It's pouring here. A big dark sky and rain. Rain we can't even see until we look at surface of the pond to see how hard it is.
This morning I woke up to the sound of rain. Then it was raining until late morning(?), when I ducked out and celebrated the Great Nasturtium Planting of 2015. I planted six varieties (about 25 seeds each) in a border: Tall Trailing Mix and Jewel Mix in the back, where I figure I'll put trellises; Empress of India in tufts where there's really nothing; and Peach Melba, Vesuvius, and Ladybird Nasturtium all in little tufts in the front, because these are the small bushy kind instead of the long lanky vines like the ones in the back. Since it's raining right now, I guess I really didn't need to soak the seeds overnight. I hope they all pop right up. I love nasturtiums and don't get to see them around here.
Around 5, we all finally went outside, and I cut the spent mesclun mix and the arugula and put them in the composter. A neat idea: give Absurdist Child an allowance for turning the composter, which he can easily do, on a daily basis? Because he's a collector of (Pixar) cars, (Thomas) trains, and (Disney) Planes, he's always chomping at the bit for money or toys, and for the last couple months has been trying to stay up to wish on a star and then wanting to impress the wishing star by doing good deeds (occasionally). Of course, right now he goes to bed before the sun does, so the whole wishing star thing is pretty tough, not that he goes to sleep. He's always had a tough time going to sleep, and so far this summer is worse. Even with blackout curtains, it's hard for him to go to sleep. Anyway, should I have turning the composter on a daily basis as a chore that he can do to earn money? I don't like giving kids money for things they should do anyway, and I think everyone should contribute to the "team," but turning the composter seems like something extra enough that he should be able to earn something for it. What do you think?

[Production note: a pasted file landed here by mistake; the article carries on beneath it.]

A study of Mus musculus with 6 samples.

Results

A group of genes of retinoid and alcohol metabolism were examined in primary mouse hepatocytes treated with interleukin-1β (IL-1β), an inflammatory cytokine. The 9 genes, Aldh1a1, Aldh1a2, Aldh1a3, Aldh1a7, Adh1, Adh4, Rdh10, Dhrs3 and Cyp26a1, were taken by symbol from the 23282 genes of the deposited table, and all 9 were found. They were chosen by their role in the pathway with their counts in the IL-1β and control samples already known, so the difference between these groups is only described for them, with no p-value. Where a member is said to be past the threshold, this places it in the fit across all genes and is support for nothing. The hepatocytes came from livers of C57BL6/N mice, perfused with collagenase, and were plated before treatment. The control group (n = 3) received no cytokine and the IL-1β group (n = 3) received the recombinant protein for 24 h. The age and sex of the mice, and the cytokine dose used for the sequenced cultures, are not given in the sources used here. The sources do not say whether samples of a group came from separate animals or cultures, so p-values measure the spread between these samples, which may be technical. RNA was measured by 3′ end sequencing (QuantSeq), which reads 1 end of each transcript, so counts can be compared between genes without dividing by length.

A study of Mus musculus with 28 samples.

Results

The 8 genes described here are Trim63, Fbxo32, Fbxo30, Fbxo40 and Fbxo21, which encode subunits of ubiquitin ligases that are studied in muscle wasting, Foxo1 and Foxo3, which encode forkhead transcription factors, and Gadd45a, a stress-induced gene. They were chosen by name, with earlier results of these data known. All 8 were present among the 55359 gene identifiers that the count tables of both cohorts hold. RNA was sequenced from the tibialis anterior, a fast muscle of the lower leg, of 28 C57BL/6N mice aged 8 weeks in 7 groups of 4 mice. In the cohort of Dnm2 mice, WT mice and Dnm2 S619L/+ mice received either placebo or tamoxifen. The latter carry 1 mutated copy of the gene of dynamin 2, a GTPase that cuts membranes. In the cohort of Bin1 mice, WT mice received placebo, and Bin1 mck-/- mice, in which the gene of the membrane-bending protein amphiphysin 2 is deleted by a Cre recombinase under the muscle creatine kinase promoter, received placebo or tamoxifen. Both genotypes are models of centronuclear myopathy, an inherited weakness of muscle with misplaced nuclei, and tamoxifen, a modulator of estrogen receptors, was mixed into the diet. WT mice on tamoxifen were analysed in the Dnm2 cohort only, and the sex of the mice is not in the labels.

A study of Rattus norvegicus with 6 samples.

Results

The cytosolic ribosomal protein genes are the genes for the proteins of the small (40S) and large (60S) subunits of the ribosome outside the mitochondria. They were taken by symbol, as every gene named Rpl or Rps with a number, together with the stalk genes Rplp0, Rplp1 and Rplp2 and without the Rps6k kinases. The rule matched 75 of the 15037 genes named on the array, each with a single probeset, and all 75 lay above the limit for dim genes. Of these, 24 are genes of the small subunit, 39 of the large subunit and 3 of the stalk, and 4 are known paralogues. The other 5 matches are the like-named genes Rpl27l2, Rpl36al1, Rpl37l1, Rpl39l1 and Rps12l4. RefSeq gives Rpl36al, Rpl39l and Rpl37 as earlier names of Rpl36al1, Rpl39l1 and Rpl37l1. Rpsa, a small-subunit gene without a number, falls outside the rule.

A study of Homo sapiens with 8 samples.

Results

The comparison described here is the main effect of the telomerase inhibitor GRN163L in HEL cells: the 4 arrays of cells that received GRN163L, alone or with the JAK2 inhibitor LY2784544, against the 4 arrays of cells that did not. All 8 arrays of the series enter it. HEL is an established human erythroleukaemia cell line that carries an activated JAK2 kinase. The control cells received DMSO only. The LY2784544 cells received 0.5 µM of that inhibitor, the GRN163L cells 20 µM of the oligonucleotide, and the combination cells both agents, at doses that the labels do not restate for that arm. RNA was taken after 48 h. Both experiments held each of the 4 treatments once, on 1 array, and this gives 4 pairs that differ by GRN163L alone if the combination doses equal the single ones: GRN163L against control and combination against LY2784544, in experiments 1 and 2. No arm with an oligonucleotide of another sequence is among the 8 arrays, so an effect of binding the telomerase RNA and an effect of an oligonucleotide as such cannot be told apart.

Anyway, I got rid of the mesclun mix and the arugula and the sad excuse for radishes and put all that extra soil into the potato barrels. It was so, so muggy.
It blows my mind how fecund everything is. You plant a seed, and it comes up. Yes, I've screwed up some plants, but mostly, they grow. And grow and grow and grow. It's amazing. Where I grew up, it was basically chaparral, almost but not quite a desert. Scrubby. And of course near the ocean where some people really had gardens appropriate to the area, you could see how few nutrients got trapped there in that sandy soil, everything moving through it all the time. Nasturtiums love that. Here, in the bed, it's packed clay. In other places, probably near the pond, maybe it's sandy. But this is not chaparral with the gray-green and brown-green. Here we have yellow green, spring green, a green so bright it takes you aback, a real pulsing straight green. It's very different planting in a cleared forest than irrigated chaparral. It's so easy. Except, maybe, for the nasturtiums. We'll see how they do. They did very well in pots on the balcony at the apartment. We'll see how they do in this clay.
I did also do some work. Instead of being able to turn in my Report-I-Always-Turn-In-Late after the quarter is over, I had to get it done a bit earlier because they moved up the date. But mostly I've been lazy on the work front. I've gotten student emails and responded to a few, but mostly I need a day off. And this is it.